The number of British people who have gone bankrupt in the second quarter of 2011 has spiked to more than 30,000 as the country grapples with a deteriorating economic crisis.
The UK Insolvency Service released new figures, which show the government's austerity measures coupled with an unprecedented debt crisis across Europe and the United States are inflicting serious damage on each and every individual's properties, financial assets and income.
The figures showed the number of people formally declared insolvent has increased to 30,513 in the second quarter of the year so far, which is slightly more than the 30,145 insolvencies in the first quarter of 2011, British media reported.
The rising number of personal bankruptcies in the UK is yet another sign that the coalition government's economic policies are not working and the austerity measures adopted to reduce the country's record budget deficit are having a diverse impact on ordinary people's daily life.
For the same reason, the people are determined in their resolve to fight back and to challenge the government's policies.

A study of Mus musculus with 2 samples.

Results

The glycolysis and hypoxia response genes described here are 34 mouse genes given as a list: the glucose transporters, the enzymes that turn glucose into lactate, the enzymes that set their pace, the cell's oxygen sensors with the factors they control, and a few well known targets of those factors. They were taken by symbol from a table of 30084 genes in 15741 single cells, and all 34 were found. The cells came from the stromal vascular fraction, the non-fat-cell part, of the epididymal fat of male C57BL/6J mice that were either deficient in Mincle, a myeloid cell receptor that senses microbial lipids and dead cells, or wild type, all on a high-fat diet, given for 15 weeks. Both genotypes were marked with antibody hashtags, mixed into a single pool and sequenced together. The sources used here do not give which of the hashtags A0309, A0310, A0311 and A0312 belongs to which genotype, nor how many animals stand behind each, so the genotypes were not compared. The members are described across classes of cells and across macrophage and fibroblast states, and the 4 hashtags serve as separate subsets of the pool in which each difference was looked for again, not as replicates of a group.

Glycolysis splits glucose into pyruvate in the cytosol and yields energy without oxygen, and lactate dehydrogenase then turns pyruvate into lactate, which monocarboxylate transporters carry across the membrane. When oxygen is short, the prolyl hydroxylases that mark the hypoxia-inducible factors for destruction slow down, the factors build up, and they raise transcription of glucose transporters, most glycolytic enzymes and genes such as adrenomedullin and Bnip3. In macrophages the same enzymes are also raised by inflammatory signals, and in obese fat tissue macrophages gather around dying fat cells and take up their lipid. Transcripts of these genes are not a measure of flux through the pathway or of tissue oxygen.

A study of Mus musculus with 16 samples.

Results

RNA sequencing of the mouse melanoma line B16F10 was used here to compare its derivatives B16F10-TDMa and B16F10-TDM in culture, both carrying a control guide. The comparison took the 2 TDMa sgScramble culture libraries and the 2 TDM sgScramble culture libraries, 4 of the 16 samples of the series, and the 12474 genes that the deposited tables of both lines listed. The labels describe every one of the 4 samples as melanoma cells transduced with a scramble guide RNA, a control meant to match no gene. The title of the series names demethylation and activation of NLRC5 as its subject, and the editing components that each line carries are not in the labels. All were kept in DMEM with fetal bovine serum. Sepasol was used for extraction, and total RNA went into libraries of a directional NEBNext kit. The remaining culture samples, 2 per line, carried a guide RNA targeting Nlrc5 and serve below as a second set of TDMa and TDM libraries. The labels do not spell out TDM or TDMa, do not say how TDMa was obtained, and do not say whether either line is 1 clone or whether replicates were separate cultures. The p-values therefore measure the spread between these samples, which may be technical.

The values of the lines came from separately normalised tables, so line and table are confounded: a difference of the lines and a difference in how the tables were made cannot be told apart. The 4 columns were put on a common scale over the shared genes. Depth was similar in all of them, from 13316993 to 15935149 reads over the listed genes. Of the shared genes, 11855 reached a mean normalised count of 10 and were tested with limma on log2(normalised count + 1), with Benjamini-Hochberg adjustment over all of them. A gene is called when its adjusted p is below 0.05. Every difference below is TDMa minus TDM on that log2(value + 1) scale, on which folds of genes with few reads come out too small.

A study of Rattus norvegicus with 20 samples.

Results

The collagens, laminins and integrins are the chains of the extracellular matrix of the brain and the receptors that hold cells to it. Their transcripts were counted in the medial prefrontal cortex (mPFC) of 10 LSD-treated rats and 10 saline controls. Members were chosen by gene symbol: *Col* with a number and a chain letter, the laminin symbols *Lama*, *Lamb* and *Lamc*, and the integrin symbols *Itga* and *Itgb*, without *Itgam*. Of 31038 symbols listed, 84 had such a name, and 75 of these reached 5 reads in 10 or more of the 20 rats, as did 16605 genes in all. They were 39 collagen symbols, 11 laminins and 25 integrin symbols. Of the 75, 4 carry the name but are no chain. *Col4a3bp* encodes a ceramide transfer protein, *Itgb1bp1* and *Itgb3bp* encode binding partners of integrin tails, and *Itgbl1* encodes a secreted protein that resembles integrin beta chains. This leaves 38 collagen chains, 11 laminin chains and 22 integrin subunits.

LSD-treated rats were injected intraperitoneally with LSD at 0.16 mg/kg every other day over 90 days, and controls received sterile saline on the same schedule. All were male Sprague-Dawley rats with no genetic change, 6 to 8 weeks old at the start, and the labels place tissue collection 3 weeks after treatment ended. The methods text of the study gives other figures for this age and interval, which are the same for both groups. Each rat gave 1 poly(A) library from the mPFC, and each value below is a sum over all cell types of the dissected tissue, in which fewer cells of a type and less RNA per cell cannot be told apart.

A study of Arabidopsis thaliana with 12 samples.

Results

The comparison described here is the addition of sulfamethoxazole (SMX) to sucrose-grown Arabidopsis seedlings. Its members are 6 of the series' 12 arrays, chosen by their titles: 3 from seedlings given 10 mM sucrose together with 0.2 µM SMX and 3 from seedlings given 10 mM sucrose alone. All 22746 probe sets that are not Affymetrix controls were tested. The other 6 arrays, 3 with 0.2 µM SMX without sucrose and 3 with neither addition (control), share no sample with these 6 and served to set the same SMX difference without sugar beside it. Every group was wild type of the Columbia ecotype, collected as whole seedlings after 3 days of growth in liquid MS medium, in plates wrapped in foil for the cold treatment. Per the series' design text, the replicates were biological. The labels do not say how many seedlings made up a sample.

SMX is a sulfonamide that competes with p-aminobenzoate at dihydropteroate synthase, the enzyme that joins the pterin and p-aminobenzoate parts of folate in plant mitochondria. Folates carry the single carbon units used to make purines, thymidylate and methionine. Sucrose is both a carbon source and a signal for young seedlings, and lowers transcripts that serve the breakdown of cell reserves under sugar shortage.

In Southampton, hundreds of social care workers at the city council have staged a one-day strike action on Wednesday 3 August.
The workers also attended a mass rally on Saturday and voted unanimously to hold a new industrial action again next Wednesday.
It is now the tenth week of joint industrial action, when the Unison and Unite union members are holding strikes against the Tory council forcing through 5 percent pay cuts.
“We've shown the Conservatives we haven't gone away,” Unison branch secretary Mike Tucker told the rally. “We don't accept the cuts-we will continue to fight them”.
Next Wednesday, more than 450 Southampton council workers in social work are scheduled to stage strike action.
The Unison and Unite union members include social workers, occupational therapists, contact supervisors and others, working with children as well as adults.
“The extended strike action by social workers demonstrates the depth of the anger over the council's actions”, said Unison branch secretary Mike Tucker.
“The industrial action will spread unless the council negotiates a fair settlement with its workforce”, said Tucker.
Meanwhile, some 60 members of the Community union at BRC Manufacturing in Barnsley walked out their jobs on a four-day strike from Thursday 4 August.
“It's not just about the money. It's about the way people are treated. We're not valued”, said Stuart Haigh, one of the organizers of the event.
In Derby, thousands of jobs have been lost due to the government's refusal to give a vital contract to the Bombardier rail manufacturing firm.
The government's decision continues to spark anger in the city, where up to 10,000 people marched through Derby last month to condemn the decision not to give the £1.5 billion contract to build Thameslink rail carriages to the company. The contract was awarded to a German manufacturer.